3 Receipts You Should Give To Your Accountant But May Forget As A Writer

You have established yourself as a writer, and you may have even published a few books. Without a doubt, there were probably some expenses involved along the way, and some of these expenses can be deducted from your tax bill at the end of the year. Take a look at some of the receipts you should be giving your accounting service when they work on your taxes if you earn an income as a writer. 

Receipts for Subscription Services 

If you subscribed to a service that specifically benefits you as a writer or helps you to do something for your business as a writer, these subscriptions may be tax-deductible. A few examples of the types of subscriptions that you should save receipts for include the following: 

  • subscriptions to magazines on writing, publishing, and marketing as a writer 
  • subscriptions to monthly newsletters that give you insider publishing tips 
  • subscriptions to editing, publishing, or printing services 

In general terms, if a subscription service can be related to what you do for a living, it can probably be deducted as a business expense. So make sure you give these receipts to your accountant.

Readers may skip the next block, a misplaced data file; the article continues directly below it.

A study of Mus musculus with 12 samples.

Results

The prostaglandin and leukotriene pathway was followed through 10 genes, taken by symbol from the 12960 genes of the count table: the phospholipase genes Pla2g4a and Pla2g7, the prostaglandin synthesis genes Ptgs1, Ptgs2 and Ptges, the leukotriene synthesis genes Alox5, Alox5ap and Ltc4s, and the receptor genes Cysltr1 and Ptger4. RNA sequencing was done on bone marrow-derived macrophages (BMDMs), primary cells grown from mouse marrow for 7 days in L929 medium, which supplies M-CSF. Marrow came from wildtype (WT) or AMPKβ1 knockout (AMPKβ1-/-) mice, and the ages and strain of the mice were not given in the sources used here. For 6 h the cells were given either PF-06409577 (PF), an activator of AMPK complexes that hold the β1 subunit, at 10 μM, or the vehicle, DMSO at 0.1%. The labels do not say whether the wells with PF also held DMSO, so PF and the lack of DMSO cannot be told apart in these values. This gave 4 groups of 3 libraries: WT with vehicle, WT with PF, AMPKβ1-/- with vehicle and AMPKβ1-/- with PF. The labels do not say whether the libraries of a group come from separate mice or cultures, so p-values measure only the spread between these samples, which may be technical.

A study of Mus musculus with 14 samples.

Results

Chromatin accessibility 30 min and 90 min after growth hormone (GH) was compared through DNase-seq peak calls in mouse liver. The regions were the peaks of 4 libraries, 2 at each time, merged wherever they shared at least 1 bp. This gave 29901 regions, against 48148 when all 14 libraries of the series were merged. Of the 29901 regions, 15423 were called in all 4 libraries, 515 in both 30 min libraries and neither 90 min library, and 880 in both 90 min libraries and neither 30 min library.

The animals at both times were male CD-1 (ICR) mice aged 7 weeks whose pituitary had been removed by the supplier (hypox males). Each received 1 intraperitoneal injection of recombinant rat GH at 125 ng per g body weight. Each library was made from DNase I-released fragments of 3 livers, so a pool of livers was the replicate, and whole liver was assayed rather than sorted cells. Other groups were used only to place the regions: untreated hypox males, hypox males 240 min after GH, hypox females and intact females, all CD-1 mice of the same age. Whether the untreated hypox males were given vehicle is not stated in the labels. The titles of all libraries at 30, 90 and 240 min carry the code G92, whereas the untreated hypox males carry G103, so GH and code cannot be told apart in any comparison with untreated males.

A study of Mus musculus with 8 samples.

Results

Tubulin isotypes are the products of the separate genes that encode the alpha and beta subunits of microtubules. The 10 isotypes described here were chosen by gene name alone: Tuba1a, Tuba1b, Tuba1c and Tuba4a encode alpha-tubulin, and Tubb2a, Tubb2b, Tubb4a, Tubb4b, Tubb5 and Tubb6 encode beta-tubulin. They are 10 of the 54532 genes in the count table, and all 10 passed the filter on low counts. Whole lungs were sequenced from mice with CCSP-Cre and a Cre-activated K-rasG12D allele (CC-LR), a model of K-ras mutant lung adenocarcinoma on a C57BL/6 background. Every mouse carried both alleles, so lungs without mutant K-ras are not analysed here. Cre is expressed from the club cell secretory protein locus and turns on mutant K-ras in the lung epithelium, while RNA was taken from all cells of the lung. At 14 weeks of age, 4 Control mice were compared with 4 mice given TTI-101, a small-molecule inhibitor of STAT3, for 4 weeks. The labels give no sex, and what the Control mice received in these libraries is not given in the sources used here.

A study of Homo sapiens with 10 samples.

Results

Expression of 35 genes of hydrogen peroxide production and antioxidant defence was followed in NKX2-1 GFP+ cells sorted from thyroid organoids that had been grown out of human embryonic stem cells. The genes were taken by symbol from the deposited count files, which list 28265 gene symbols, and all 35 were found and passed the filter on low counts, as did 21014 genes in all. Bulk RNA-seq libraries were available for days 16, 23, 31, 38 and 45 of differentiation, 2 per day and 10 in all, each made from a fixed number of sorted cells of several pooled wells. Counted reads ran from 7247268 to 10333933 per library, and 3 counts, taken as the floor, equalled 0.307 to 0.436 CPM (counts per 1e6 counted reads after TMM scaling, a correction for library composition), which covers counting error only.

Receipts for Fuel for Research Travel 

Maybe you took a drive a few states over to the Grand Canyon to gain some perspective on what it is really like to be there so you could include it in your book. Or perhaps you drove to an author conference over the summer to gain some insight into new marketing venues that are helping writers succeed in their niches. In any case, if you made a trip specifically to better your writing career, the trip could potentially be used for a tax deduction because it specifically benefited your source of income as a writer. That deduction will include the fuel you put in your gas tank to get where you needed to be. 

Receipts for Bookmarks and Advertising Materials 

Those snazzy bookmarks you ordered to send out with your new self-published book, those business cards you bought to make your career as an author look more legit, and even those little flyers you bought to promote your new book are examples of advertising materials you can deduct as an expense. These are business-related expenses that you would not have if you did not write for a living, so make sure you collect any receipts you have for advertising materials and hand them over to the accounting service.